Powder-blue surgeonfishes Acanthurus leucosternon graze algae on the reef. (Image: Linda Pitkin)
Some coral fishes prey on other animals; others are omnivores or herbivores. To the casual observer, plants do not appear to be much in evidence on a coral reef, but they are there in abundance as fine growth of algae or seaweed on dead corals and rock surfaces, especially in the shallows. Parrotfishes, surgeonfishes and some damselfishes graze the algae, contributing to the diversity of a coral reef by clearing new surfaces that can be used by a wide range of colonizing animals.
Coral reefs attract large predatory fishes, such as sharks and barracudas, but the numerous smaller predators are equally or even more significant. Nearly 1,000 goby species can be found on coral reefs, catching mainly shrimps, worms and other tiny bottom-living animals, while the water above the coral teems with damselfishes that eat the zooplankton suspended there. Almost all reef organisms--the coral itself and the many different invertebrate animals and fishes that the reef supports--are potential food for one or other coral fish species. Small coral fishes are preyed on by larger fishes and also by certain other reef inhabitants, among them cone shells (venomous molluscs), mantis shrimps and some starfishes.
The scalloped hammerhead shark Sphyrna lewini is an open-water species seen occasionally around reefs. It is not usually aggressive, but certain other hammerheads can be dangerous. (Image: Linda Pitkin)
Many fishes are able to feed during the day because their food--corals, seaweeds and various animals attached to the reef--is available out in the open at all times. The major coral-feeding fishes are certain butterflyfishes, but parrotfishes and other herbivores may have a major impact on the underlying corals by cropping algae. Sponges and sea squirts are eaten, particularly by the larger angelfishes, but hydroids (animals with a fern-like appearance) are usually avoided because they have stinging cells. The omnivorous scrawled filefish Aluterus scriptus--a circumtropical species--does, however, include hydroids in its diet. Fishes that feed on more active animals often wait until dusk or later, in order to pick off fishes as they scramble for night shelter or to catch crabs, octopuses and other invertebrates emerging from their holes in the reef.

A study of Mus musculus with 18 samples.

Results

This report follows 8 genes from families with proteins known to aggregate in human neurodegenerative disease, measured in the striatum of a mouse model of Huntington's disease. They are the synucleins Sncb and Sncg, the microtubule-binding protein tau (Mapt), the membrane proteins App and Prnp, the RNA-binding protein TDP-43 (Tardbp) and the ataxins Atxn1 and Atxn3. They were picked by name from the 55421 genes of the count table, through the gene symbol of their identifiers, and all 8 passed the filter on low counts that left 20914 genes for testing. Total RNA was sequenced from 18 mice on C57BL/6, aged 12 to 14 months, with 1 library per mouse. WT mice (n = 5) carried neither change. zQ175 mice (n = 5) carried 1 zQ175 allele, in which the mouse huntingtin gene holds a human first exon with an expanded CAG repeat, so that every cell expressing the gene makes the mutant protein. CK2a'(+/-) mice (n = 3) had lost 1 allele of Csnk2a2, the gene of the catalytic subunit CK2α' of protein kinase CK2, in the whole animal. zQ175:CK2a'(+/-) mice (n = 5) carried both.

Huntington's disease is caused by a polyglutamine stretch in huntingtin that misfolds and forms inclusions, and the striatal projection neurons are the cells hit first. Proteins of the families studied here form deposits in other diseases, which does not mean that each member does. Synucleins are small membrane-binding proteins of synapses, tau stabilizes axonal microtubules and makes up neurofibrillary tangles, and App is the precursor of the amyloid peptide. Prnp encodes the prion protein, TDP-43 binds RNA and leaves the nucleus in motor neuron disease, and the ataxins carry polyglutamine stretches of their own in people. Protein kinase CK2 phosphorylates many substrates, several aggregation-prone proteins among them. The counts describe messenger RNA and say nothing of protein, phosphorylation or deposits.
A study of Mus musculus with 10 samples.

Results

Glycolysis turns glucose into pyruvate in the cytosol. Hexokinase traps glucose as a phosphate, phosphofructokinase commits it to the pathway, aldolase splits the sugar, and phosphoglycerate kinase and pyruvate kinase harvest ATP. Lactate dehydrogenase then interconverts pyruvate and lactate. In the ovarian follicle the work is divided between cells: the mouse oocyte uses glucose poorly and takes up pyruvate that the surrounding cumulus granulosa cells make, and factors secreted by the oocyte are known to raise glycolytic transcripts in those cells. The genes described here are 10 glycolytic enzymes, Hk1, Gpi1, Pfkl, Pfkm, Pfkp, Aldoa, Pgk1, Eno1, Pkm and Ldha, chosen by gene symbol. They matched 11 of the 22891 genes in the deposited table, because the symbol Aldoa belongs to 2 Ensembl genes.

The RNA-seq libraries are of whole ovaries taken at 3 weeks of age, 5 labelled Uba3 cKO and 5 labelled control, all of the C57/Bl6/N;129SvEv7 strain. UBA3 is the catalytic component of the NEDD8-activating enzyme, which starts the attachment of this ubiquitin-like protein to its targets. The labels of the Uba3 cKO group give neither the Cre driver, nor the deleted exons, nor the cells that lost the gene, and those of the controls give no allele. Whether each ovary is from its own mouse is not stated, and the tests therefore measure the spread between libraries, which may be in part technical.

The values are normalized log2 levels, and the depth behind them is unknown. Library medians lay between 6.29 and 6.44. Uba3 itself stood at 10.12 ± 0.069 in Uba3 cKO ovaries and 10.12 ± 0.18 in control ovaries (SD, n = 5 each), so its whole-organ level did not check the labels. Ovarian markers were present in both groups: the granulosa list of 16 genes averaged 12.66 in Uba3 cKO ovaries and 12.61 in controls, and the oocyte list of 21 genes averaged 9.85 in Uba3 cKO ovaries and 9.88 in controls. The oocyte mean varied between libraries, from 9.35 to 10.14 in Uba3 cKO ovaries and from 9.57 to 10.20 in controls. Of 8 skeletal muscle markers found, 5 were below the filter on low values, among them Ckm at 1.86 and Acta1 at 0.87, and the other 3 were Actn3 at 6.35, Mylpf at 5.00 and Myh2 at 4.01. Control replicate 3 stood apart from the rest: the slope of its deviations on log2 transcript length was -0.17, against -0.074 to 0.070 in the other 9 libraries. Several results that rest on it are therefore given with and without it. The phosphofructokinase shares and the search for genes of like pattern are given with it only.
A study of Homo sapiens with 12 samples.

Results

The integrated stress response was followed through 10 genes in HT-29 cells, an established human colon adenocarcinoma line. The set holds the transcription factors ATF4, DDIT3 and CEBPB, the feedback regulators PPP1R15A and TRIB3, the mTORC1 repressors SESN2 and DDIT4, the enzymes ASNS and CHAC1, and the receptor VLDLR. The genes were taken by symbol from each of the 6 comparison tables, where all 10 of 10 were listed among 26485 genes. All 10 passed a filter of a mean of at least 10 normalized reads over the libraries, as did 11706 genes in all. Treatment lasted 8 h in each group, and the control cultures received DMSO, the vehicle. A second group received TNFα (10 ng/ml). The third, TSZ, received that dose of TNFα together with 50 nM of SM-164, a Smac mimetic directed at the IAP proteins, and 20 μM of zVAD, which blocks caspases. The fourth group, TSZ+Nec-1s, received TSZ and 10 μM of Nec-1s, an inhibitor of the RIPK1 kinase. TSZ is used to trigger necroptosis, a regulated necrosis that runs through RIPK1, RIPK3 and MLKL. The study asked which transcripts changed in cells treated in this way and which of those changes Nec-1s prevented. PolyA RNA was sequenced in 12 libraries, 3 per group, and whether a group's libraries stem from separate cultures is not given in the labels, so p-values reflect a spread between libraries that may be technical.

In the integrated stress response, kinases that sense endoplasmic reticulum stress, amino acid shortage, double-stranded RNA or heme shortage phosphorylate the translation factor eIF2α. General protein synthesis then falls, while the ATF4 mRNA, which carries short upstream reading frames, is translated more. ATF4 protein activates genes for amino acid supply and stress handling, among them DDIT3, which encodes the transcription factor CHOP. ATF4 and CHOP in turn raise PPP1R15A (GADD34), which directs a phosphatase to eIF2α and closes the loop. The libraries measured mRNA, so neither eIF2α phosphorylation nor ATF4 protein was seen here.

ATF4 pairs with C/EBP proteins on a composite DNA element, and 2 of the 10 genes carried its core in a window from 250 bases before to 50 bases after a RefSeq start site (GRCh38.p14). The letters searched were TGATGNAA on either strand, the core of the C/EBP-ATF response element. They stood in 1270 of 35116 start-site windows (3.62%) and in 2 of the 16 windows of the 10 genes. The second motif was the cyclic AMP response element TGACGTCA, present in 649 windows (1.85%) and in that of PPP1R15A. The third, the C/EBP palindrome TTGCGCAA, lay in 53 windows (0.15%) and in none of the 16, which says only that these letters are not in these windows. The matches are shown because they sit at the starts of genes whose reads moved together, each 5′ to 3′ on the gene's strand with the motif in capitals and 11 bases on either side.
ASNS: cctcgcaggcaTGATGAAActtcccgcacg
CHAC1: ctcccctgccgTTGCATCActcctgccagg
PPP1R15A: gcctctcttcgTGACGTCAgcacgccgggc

Many of the larger fishes on or around coral reefs are hunters, either of other fishes or of active invertebrates such as squid, cuttlefish, octopuses and crabs. Some hunt at night, but much of the predation on fishes takes place at dusk and dawn when smaller fishes are moving to or from their refuges and are particularly vulnerable. Strategies vary: morays and groupers remain near their places of shelter on the reef bed and capture prey that passes, while sharks and jacks chase after their victims at high speed.
Plankton, suspended in the water above coral reefs, is an important source of nutrients and various coral fish, particularly soldierfishes, bigeyes and cardinals, specialize in using it. They are not related to each other, but many of them have similar features that relate to their lifestyle. Daytime plankton-feeders are vulnerable, especially those that swim high up in the water column where they are obvious to predators and exposed to currents, and they need to be strong swimmers.
Glasseyes Heteropriacanthus cruentatus are members of the bigeye family, which commonly feed on plankton at night. (Image: Linda Pitkin)
Typically, their small bodies are streamlined and their tails are forked to enhance propulsion. The fishes tend to gather in large numbers for safety while feeding, and all dart for shelter if a cruising predator approaches. Catching tiny, fragile plankton requires other adaptations: a small mouth without strongly developed teeth, but with jaws capable of rapid and extensive protrusion to snatch the small morsels drifting by. In some cases the action of extending the jaws creates a suction force, drawing water and particles in.
Fishes adapted for plankton-feeding may look very different to typical members of their family. This is particularly noticeable when the norm for the family is a large build, as in groupers and snappers, but less apparent when the build is generally small, as in damselfishes. Many damselfishes, particularly the numerous pullers of the genus Chromis, are planktivores. Others include basslets (the subfamily Anthiinae of the grouper and seabass family), fusiliers (related to snappers and sometimes included in that family) and certain wrasses.